The hemp resources group in WA has signed a partnership with a Chinese business, to use a chlorine free process to produce hemp paper. Construction of the local mill, which has potential to expand into Australian paper and fabric production, is expected to take about two years.
Effluents from pulp and paper mills are highly toxic and are a major source of aquatic pollution. More than 250 chemicals have been identified in effluents which are produced at different stages of papermaking. Their toxic nature is derived from the presence of several naturally occurring and xenobiotic compounds which are formed and released during various stages of papermaking.
And that’s aside from the logging of old growth forests that provide wood chips to standard paper mills. To be able to call on a crop that takes 90 days to grow rather than 20 years would make for a much more dynamic business environment, for a start. Demand and pricing could be assessed much more easily. It’s a smart move. Let’s face it, the biggest donors to Sea Shepherd would have to be the Japanese paper industry, because once the Greenies are settled over the issue of whales, old growth forests are right up there on the agenda. To side step such a volatile circumstance in favour of less toxic, higher quality and quicker turnover of production makes sense in anyone’s books.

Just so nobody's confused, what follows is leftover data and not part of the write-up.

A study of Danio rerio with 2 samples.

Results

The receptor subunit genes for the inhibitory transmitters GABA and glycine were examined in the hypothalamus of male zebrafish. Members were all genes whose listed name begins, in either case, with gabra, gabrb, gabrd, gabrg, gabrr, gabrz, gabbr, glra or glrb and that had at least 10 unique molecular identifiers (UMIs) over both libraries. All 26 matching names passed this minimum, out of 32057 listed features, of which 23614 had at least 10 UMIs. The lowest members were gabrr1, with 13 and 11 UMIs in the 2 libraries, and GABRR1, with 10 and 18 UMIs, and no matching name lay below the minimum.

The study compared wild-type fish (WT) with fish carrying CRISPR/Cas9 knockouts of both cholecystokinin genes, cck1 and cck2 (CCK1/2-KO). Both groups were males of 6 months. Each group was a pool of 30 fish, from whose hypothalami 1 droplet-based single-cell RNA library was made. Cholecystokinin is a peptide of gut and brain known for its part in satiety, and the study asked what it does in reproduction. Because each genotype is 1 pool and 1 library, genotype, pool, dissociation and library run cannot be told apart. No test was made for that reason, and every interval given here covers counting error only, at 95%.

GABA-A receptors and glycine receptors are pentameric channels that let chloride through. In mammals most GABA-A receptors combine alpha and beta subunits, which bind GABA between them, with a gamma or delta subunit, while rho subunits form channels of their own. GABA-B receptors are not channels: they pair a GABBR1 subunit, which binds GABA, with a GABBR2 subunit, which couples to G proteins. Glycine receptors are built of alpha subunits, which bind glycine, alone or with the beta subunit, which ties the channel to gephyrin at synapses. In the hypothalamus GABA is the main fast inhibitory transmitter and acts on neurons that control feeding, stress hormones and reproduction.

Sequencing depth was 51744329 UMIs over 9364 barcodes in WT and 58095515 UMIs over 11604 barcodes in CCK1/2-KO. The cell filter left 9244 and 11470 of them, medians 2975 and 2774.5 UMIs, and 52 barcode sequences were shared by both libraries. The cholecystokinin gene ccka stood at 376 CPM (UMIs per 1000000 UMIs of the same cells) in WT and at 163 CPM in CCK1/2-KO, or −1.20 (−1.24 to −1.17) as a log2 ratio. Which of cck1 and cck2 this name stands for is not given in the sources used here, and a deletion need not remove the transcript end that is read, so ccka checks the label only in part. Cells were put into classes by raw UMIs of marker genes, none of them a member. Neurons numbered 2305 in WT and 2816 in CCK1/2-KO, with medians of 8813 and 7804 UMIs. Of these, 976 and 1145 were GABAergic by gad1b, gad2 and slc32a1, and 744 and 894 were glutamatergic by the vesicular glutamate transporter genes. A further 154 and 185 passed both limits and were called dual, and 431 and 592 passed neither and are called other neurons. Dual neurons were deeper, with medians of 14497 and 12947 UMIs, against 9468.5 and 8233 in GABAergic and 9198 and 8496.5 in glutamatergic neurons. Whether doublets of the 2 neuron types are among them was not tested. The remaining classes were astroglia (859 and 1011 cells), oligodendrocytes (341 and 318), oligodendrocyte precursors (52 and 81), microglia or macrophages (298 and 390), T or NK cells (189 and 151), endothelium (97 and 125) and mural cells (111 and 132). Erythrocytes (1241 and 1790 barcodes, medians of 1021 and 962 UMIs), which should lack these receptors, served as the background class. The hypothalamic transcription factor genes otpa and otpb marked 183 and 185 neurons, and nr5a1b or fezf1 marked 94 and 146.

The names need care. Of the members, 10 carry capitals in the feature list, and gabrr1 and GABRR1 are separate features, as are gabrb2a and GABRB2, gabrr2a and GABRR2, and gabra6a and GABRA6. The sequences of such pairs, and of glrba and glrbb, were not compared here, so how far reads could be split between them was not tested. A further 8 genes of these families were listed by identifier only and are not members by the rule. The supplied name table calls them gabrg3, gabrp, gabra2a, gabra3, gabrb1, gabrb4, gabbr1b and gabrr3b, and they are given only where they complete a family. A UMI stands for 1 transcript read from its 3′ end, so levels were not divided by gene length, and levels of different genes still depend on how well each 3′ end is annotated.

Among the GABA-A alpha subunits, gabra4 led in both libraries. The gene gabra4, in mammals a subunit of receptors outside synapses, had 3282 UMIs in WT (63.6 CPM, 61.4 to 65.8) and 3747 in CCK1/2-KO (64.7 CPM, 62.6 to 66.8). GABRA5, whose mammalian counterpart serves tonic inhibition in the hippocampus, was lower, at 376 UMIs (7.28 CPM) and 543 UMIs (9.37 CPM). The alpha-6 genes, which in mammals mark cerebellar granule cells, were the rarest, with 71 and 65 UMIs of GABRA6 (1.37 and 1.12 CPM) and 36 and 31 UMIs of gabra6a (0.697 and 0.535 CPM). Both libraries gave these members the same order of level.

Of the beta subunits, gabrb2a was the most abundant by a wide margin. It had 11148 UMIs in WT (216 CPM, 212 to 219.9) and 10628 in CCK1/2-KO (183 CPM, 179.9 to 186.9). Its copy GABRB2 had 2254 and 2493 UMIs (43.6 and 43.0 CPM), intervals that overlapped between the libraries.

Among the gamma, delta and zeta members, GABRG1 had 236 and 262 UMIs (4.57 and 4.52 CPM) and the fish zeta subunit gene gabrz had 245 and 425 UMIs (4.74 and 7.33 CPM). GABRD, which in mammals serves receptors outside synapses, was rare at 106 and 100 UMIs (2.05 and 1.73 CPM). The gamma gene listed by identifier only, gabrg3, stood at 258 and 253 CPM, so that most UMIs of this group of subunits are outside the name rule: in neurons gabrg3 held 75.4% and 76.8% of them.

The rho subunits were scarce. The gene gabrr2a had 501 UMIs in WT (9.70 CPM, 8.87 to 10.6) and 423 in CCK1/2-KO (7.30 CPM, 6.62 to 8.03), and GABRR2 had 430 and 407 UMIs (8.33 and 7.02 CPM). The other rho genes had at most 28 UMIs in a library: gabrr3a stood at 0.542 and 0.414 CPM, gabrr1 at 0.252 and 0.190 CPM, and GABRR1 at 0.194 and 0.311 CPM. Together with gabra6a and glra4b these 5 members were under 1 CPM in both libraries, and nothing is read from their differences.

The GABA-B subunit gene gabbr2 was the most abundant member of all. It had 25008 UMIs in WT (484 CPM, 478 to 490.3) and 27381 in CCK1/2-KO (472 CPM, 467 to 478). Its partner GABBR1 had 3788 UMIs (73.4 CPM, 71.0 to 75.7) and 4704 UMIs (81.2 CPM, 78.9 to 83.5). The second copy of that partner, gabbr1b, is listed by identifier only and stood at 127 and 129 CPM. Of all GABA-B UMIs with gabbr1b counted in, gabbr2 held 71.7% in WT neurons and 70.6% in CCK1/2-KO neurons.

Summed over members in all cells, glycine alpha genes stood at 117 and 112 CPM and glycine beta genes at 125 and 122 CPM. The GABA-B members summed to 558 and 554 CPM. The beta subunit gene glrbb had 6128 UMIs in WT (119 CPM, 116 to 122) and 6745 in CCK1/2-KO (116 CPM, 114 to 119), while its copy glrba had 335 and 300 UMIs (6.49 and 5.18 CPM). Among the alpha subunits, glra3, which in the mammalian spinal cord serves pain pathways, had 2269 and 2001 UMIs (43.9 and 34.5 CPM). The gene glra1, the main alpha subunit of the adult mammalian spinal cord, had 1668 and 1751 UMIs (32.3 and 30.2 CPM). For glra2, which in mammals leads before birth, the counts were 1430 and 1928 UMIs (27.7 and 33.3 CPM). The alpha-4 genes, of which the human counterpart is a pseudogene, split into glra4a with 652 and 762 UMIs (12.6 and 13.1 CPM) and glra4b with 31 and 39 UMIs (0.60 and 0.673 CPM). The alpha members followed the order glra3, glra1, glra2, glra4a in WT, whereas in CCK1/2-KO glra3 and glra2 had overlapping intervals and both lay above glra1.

In the short term while Australia is handicapped with this neo-conservative social and neo-liberal economic feedback loop, job numbers will be discussed as an issue as well. Fortunately there’s plenty of opportunity for people to grow and process hemp for thousands of uses, as per the paper mill. Some of it’s new technology like the 3D printing filament. A lot is being rediscovered from earlier uses of hemp and traditional technologies. Prior to petrochemical domination, hemp was used for many things, including humanity’s first paper. Ever wondered why the old masters’ canvases last for centuries in museums but your cotton duck framed canvas can only be expected to last a few decades? Yep. Hemp canvas.
That’s a picture of the Magna Carta, an early human rights declaration from Britain in the 13th century. Written on hemp. As was the Guttenberg Bible and the US Declaration of Independence.
Since the Chinese invented paper, back in the day, it’s fitting for Australia to be in business with one of our largest regional neighbours at the dawn of this new era. It’s an auspicious sign.